How do I write a shim?

If a shim doesn’t already exist, the following steps will help you get started
  1. Learn about the custom API you want to write a shim for.
    1. If you take a look at the Markdown documents for some existing shims, such as RunKeeper or Misfit, you’ll get a good idea of the type of information you’ll need to learn about the custom API.
    2. Create a similar document for the API you’re working on to use as a reference.
  2. Your shim will convert some of the source data provided by the custom API into target data that conforms to Open mHealth schemas. Decide which some source data you will map and which schemas you will map it into.
    1. We recommend mapping all source data that has corresponding schemas.
    2. Your shim can also produce data that conforms to your own schemas, but your shim will gain wider adoption if it produces data that matches well known schemas.
    3. Add this information to your document to help you keep track of the measures you will map.
  3. Implement the mappers. You should use the Misfit shim as a guide on organising and writing mappers.
    1. The general approach taken in the mappers is to require data necessary to build the data point and treat everything else as optional. This follows the robustness principle.
    2. If you’re using Java, the mappers use the Open mHealth schema SDK to build objects that correspond to schemas. These objects are then serialized to create the output of the common API. The mappers leverage the following classes.
      1. JsonNodeMappingSupport: A utility class that makes it easy to extract pieces of typed data from source JSON data. The methods for required data throw exceptions on missing data, whereas those for optional data log missing information and return empty Optionals.
      2. DataPointMapper: An interface that takes one or more inputs to create data points. The purpose of taking more than one input isn’t to map collections. It’s to create data points that are composed from multiple inputs, such as a blood pressure data point that requires a user profile input to build headers and vital signs to build payloads.
      3. JsonNodeDataPointMapper: A specialization of DataPointMapper that takes Jackson JsonNode inputs.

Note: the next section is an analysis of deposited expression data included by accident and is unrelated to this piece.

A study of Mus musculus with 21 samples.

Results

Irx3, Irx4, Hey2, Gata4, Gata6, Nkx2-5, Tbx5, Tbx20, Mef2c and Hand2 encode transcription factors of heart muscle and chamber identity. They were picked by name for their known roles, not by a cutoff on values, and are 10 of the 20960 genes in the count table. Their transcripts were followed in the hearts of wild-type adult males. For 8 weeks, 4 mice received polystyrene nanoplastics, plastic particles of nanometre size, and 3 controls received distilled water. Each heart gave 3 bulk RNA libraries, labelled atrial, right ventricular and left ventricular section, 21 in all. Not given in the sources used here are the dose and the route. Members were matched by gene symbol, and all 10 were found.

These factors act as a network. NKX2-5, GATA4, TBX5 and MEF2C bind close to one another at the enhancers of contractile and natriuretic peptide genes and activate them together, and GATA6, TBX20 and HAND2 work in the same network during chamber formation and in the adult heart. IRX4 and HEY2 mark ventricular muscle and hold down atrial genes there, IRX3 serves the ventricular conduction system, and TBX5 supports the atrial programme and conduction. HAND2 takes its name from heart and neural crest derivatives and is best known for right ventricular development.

4. Implement the authentication to the custom API.
    1. This is typically OAuth 2.0, though sometimes OAuth 1.0a and sometimes a custom implementation entirely. Take a look at the Misfit shim for OAuth 2.0, the Withings shim for OAuth 1.0a, and the HealthVault shim for a custom implementation.
    2. If you’re using Java and the third-party API uses OAuth 1.0a or OAuth 2.0, extend OAuth1ShimBase or OAuth2ShimBase classes and implement the abstract methods. This lets you leverage common authentication code and tweak parameters based on the nuances of the custom API.
  5. Implement the data retrieval operation on the common API.
    1. The data retrieval operation is responsible for calling the custom API to get data. It must propagate the time frame filtering on the common API to the custom API, as well as paging and other parameters. This is a manual process with a case-by-case implementation, grounded on a solid understanding of the custom API.
    2. If you’re using Java, this retrieval operation is an abstract getData method implemented by each shim.
We are working on making Shimmer expose our Data Point API, which is the API exposed by the data storage component. This will let an application treat a third-party API as a remote data storage component, with translation happening on the fly. This process is not a simple one, since it requires general and extensible strategies for resolving API mismatches in authentication, pagination, cardinality, filtering, and data formats, at a minimum. We will keep you up-to-date and ask for feedback using our mailing list. We’re also considering making the shims themselves microservices, to help people create shims in different languages. If you have any feedback on the topic, please let us know on our mailing list.